Rosendale has an exceptional base of nearby crop producers
PICKET, Wis. — The site for Rosendale Dairy near Picket was chosen for its exceptional base of crop farmers and central location.
Three partners own the dairy, which was featured on Minnesota Milk Producers’ Summer Bus Tour.
Jim Ostrom, John Vosters and Todd Willer chose the site. The project team spent more than two years on environmental research and an engineering design to fit the farm’s location and develop technological features to minimize the dairy's carbon footprint.
The dairy has 7,050 milk cows and 2,850 heifers and youngstock. All calves are custom raised.
Their average somatic cell count is around 227,000.
Cows are milked in a twin 80-stall Rota Tech Rotary parlor. Fifteen people per shift are involved in the milking. The length of a typical milking is 7.5 hours.
The cows are housed in two cross-ventilated, sand-bedded free-stall barns. The south barn was completed in November 2009 and the north in March of this year.
Sand bedding is recycled and is scraped to a cross auger. The manure-sand mixture is run through McClanahan sand separators with hydrocyclones, screw presses and induced air floatation with centrifuges. Manure fibers and liquid is applied with trucks.
Rosendale dairy operates in compliance with a Wisconsin Department of Natural Resources-approved nutrient management plan that places on the field no more nutrients than the crop can use over a rotation. It also requires manure application setbacks and restrictions to protect wells, ground water and sensitive areas. The manure is incorporated with the soil surface to minimize odor and place the nutrients where the plant roots are located.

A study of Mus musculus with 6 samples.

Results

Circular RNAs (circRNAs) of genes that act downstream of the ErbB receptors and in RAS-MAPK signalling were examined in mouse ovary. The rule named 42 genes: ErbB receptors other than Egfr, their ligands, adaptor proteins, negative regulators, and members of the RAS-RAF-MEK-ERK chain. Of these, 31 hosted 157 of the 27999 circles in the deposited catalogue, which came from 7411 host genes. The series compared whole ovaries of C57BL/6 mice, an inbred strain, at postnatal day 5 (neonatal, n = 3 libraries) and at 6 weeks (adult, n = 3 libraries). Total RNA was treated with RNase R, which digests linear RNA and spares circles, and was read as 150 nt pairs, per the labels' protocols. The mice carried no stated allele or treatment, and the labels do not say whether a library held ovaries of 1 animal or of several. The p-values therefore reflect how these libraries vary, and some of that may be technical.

The dairy also had an environmental assessment as part of its Wisconsin Pollutant Discharge Elimination System permit application. The DNR completed an air modeling analysis to determine the potential off-site impacts of emissions from the dairy.
Rosendale Dairy also hired consultants to perform an analysis of potential air emissions. The analysis focused on ammonia and hydrogen sulfide and concluded that air emissions from the dairy will be within the standards for air quality.
The farm developed a foot-bath formulation that improves hoof health.
Calves leave the farm within two days of birth and go to a custom raiser. They are moved into hutches when they are one to two months old and to a counterslope barn when they are four months. A free-tall barn becomes their home at five to nine months of age. They are moved to a dry lot at 22 months.
Before cows calve, they spend 18 to 24 days in a pre-fresh area. AT the first sign of calving, they are moved to a calving pen. Colostrum is collected at the end of each shift. Cows are moved to a fresh pen after they give birth. All fresh cows are observed and treated twice daily during their 14- to 21-day stay in the pen.
It takes a three-person staff working 12 to 13 hours per day to feed the cattle. Five employees work in the feeding operation.
The feed storage is a large concrete pad. Most of the corn silage and alfalfa silage is raised on or near the farm.